Bird and marsh grass along the Chesapeake Bay. (Image via the Virginia Office of Natural Resources).
(*This story was updated at 4:05 p.m., on 1/5/21, with comment from the Pennsylvania Department of Environmental Protection)
Environmental advocates sounded a stark warning Tuesday about the long-term health of the Chesapeake Bay, saying Pennsylvania needs to live up to its commitments to help clean up the sprawling and scenic waterway.
“If Pennsylvania does not meet its obligations … the Chesapeake Bay will never be saved,” William C. Baker, the president of the Chesapeake Bay Foundation said during a conference call unveiling an annual report on the bay’s environmental health.
The foundation’s State of the Bay report, which measures the waterway’s health across 13 indicators, gives the Bay an overall grade of D-plus, unchanged from the last report, finding declines across four of those indicators. And “while concerning, the decline is largely due to ineffective management of the Bay’s striped bass population, as opposed to water quality concerns,” the report concluded.
The meter is running. The six states in the Chesapeake Bay Watershed — Delaware, Maryland, New York, Pennsylvania, Virginia and West Virginia, as well as the District of Columbia — have until 2025 to meet the goals of a decade-long, Obama-era document known as the Chesapeake Bay Clean Water Blueprint, which aims to reduce pollution in the bay, as well as surrounding rivers and streams.
That includes the Susquehanna River, which originates in New York and runs through the heart of central Pennsylvania before emptying into the bay. And a healthy Susquehanna is “absolutely critical to a healthy bay,” Baker told journalists Tuesday.
“The Susquehanna River provides 50 percent to the fresh water entering the bay,” Baker observed.
*Jamar Thrasher, a spokesman for the Pennsylvania Department of Environmental Protection, told the Capital-Star that the agency believes “the commonwealth (not just DEP, as this effort is larger than that) will meet the 2025 goals.”
Advocates heaped blame on the U.S. Environmental Protection Agency, accusing it of abdicating its responsibilities during the Trump administration. The Republican White House spent four years rolling back clean water and clean air protections.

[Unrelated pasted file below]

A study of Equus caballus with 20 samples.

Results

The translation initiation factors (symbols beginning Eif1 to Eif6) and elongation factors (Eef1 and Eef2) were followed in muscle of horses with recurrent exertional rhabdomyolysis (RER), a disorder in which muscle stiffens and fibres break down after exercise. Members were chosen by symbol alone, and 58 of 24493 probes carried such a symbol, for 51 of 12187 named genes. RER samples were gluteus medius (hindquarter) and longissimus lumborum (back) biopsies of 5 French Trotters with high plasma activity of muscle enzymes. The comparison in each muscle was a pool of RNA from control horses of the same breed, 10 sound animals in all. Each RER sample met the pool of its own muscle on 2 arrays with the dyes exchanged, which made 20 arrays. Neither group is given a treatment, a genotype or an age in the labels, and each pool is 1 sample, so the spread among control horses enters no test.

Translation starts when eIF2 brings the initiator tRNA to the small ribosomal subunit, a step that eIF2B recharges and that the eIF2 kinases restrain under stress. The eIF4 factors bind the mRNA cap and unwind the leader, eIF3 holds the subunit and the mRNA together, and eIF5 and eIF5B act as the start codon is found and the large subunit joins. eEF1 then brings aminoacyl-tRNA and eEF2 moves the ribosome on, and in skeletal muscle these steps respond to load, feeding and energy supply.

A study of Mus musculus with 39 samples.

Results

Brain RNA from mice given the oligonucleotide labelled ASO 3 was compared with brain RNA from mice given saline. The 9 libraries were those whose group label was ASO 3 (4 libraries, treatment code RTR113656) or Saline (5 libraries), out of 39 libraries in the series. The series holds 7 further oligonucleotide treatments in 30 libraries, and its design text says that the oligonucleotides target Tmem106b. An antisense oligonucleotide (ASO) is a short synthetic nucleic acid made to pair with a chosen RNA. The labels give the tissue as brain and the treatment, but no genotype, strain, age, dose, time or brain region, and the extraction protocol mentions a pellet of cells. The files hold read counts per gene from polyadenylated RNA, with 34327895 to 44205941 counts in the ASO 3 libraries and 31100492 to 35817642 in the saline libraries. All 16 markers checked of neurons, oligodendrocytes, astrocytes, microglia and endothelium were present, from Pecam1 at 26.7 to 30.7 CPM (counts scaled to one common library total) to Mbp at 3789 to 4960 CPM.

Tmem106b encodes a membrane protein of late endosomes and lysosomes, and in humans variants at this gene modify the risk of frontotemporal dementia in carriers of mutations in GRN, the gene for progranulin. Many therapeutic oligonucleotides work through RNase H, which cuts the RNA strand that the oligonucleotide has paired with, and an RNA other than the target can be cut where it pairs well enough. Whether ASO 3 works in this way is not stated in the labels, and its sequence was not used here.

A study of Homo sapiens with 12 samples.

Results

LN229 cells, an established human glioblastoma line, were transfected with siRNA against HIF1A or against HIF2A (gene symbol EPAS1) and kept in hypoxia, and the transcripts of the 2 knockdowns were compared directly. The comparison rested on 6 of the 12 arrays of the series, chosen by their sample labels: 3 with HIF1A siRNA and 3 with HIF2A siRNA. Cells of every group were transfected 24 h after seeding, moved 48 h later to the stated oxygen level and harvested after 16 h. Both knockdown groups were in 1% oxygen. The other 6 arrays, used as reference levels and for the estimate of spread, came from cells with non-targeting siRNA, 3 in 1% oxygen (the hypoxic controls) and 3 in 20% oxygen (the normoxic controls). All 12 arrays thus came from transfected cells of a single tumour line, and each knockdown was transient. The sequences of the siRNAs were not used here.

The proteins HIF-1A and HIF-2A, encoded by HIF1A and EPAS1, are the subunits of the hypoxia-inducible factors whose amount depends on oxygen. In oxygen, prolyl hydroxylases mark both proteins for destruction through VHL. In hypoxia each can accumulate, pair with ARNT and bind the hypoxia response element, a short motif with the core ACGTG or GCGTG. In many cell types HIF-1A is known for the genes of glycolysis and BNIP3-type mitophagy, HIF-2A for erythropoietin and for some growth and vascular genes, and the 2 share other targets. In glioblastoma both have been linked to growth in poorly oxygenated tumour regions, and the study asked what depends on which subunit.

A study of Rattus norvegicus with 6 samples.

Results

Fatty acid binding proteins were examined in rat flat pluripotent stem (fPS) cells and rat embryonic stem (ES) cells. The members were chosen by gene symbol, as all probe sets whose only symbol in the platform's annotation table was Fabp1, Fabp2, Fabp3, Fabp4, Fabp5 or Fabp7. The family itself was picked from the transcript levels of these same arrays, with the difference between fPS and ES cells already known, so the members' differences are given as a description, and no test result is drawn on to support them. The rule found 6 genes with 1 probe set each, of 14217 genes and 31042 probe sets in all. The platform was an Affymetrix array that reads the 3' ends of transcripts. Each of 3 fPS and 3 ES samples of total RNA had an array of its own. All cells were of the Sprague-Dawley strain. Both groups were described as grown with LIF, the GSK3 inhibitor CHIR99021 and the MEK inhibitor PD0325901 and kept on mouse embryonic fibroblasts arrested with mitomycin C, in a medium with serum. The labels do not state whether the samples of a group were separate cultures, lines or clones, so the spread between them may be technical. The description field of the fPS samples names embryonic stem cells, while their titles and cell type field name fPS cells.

In September, officials in Virginia, Maryland and Washington, D.C. sued the EPA in federal court, accusing the agency of violating the Clean Water Act by failing to enforce Chesapeake Bay pollution reduction limits for upstream-states Pennsylvania and New York.
The “EPA’s refusal to enforce Clean Water Act puts the entire restoration at risk. We will not back down until all Bay states are held accountable for their pollution reduction requirements,” Baker said.
But that “doesn’t exonerate the Pennsylvania General Assembly, which has been reluctant to provide assistance to farmers that MD and VA have provided to their farmers. We’re not blaming farmers. They have repeatedly demonstrated a willingness to put practices in place if they get the assistance their colleagues in Maryland and Virginia have received,” Baker continued.
Pennsylvania needs to spend $324 million a year to meet its clean-up obligations, advocates said Tuesday. That funding could come solely from Keystone State taxpayers, or it could be a blend of state and federal money.
The federal Chesapeake Bay Program is set to get an extra $2.5 million next year, despite a request by President Donald Trump that its current $85 million budget be slashed to $7.3 million, the Virginia Mercury, a sibling site of the Capital-Star, reported in December.
Another provision provides $3 million for the Chesapeake Bay Gateways and Watertrails Network run by the National Park Service that provides financial and technical support for public access throughout the watershed “to help connect people to the natural and cultural heritage of the Chesapeake region,” the Mercury reported.
Baker told journalists Tuesday that he’s “optimistic” that President-elect Joe Biden, who has roots in both Pennsylvania and Delaware, will be a champion for cleaning up the bay — as he was while serving as vice president and as a U.S. senator from Delaware for decades before that.
“There is broad scientific consensus that Chesapeake Clean Water blueprint is our best, possibly last c chance to saving the environment,” Baker said. “We have the opportunity to make saving the Chesapeake Bay the greatest environmental success story the world has ever seen. With five years remaining, the 18 million people who live in the watershed must demand enforcement.”